Association between fecal hydrogen sulfide production and pouchitis.




The beneficial effect of antibiotics in pouchitis suggests that an unidentified fecal bacterial product causes this condition. A candidate compound is hydrogen sulfide, a highly toxic gas produced by certain fecal bacteria, which causes tissue injury in experimental models. We investigated hydrogen sulfide release and sulfate-reducing bacterial counts in pouch contents to determine whether hydrogen sulfide production correlates with pouchitis.


During incubation at 37 degrees C, the production of hydrogen sulfide, methylmercaptan, carbon dioxide, and hydrogen were studied using fresh fecal specimens obtained from 50 patients with ileoanal pouches constructed after total proctocolectomy for ulcerative colitis (n = 45) or for familial adenomatous polyposis (n = 5). Patients with ulcerative colitis were divided into five groups: a) no history of pouchitis (pouch for at least 2 years; n = 8); b) past episode(s) of pouchitis but no active disease for the previous year (n = 9); c) pouchitis in the past year but presently inactive (n = 9); d) ongoing antibiotic treatment (metronidazole or ciprofloxacin) for pouchitis (n = 11); e) currently suffering from pouchitis (n = 8).


Release of hydrogen sulfide when pouchitis was active (6.06 +/- 1.03 micromol g(-1) 4 h(-1)) or had occurred in the past year (4.71 +/- 0.41 pmol g(-1) 4 h(-1)) was significantly higher (P < 0.05) than when pouchitis had never occurred (1.71 +/- 0.43 micromol g(-1) 4 h(-1)) or had been inactive in the past year (2.62 +/- 0.49 micromol g(-1) 4 h(-1)). Antibiotic therapy was associated with very low hydrogen sulfide release (0.68 +/- 0.29 micromol g(-1) 4 h(-1)). Pouch contents from familial adenomatous polyposis patients produced significantly less hydrogen sulfide (0.75 +/- 0.09 micromol g(-1) 4 h(-1)) than did any group of nonantibiotic-treated ulcerative colitis patients. Sulfate-reducing bacterial counts in active pouchitis (9.5 +/- 0.5 log10/g) were significantly higher than in those who never experienced pouchitis (7.38 +/- 0.32 log10/g), and these counts fell dramatically with antibiotic treatment. No statistically significant differences in carbon dioxide and hydrogen were observed among the groups not receiving antibiotics.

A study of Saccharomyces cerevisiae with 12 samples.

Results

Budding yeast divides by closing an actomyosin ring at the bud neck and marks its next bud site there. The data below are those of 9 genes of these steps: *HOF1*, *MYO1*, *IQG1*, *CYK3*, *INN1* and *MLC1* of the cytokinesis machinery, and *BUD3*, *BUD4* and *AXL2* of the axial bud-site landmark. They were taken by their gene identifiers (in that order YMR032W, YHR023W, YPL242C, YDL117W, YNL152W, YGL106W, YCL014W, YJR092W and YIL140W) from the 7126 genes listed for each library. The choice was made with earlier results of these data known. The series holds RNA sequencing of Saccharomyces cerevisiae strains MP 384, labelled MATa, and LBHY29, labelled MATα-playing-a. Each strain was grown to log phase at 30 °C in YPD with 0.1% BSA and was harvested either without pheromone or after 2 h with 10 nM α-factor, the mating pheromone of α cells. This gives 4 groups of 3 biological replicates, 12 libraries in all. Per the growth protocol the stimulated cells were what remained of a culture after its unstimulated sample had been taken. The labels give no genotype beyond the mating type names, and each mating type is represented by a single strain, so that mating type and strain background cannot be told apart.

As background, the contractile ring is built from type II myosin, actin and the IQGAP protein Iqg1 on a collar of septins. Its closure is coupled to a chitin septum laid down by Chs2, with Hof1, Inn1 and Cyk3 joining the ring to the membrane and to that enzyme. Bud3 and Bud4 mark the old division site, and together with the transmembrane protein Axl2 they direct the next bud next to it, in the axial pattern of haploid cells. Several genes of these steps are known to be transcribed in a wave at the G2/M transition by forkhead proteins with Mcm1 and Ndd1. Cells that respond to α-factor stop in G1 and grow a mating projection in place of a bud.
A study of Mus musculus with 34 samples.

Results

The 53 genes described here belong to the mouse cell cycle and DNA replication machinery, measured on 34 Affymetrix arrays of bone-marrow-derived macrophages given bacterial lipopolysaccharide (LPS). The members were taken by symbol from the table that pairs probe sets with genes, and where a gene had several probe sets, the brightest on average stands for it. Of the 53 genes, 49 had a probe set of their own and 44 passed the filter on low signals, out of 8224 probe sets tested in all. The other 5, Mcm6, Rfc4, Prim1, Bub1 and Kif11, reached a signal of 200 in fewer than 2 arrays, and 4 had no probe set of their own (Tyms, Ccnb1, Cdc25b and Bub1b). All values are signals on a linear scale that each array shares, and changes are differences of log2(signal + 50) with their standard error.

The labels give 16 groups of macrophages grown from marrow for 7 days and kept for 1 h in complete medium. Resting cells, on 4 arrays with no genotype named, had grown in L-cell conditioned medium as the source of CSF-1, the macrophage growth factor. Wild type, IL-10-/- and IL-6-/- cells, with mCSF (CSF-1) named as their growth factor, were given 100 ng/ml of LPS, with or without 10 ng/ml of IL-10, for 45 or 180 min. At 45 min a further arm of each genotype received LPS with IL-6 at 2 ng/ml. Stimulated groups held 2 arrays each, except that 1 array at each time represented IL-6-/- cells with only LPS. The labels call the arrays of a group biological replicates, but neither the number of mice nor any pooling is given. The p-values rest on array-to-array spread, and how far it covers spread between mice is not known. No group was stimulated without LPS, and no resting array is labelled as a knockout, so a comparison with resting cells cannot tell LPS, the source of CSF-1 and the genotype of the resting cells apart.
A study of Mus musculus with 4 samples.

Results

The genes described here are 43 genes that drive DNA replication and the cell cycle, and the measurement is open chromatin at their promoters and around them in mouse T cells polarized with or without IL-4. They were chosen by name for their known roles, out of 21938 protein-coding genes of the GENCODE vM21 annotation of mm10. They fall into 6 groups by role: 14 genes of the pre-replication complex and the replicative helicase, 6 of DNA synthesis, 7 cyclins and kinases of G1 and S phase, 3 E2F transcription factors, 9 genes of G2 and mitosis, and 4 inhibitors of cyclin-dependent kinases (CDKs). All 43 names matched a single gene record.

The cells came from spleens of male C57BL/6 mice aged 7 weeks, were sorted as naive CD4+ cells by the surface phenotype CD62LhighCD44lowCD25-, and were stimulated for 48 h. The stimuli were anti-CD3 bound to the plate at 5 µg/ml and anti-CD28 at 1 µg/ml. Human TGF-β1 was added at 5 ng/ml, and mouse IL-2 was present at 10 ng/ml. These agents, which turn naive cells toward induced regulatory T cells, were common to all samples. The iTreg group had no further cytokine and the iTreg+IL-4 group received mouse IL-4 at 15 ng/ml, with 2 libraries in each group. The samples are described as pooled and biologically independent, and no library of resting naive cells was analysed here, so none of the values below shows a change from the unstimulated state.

Pouch contents of patients with ongoing pouchitis or an episode within the previous year released significantly more hydrogen sulfide than did the contents of patients who never had an attack of pouchitis and those with longstanding inactive disease. The response to therapy with metronidazole or ciprofloxacin was associated with marked reductions in hydrogen sulfide release and sulfate-reducing bacteria. These results provide a rationale for additional studies to determine whether the high sulfide production is a cause or effect of pouchitis. The lower hydrogen sulfide production by pouch contents of familial adenomatous polyposis vs. patients with ulcerative colitis suggests a fundamental difference in gut sulfide metabolism that could have implications for the etiology of ulcerative colitis as well as the pouchitis of patients with ulcerative colitis.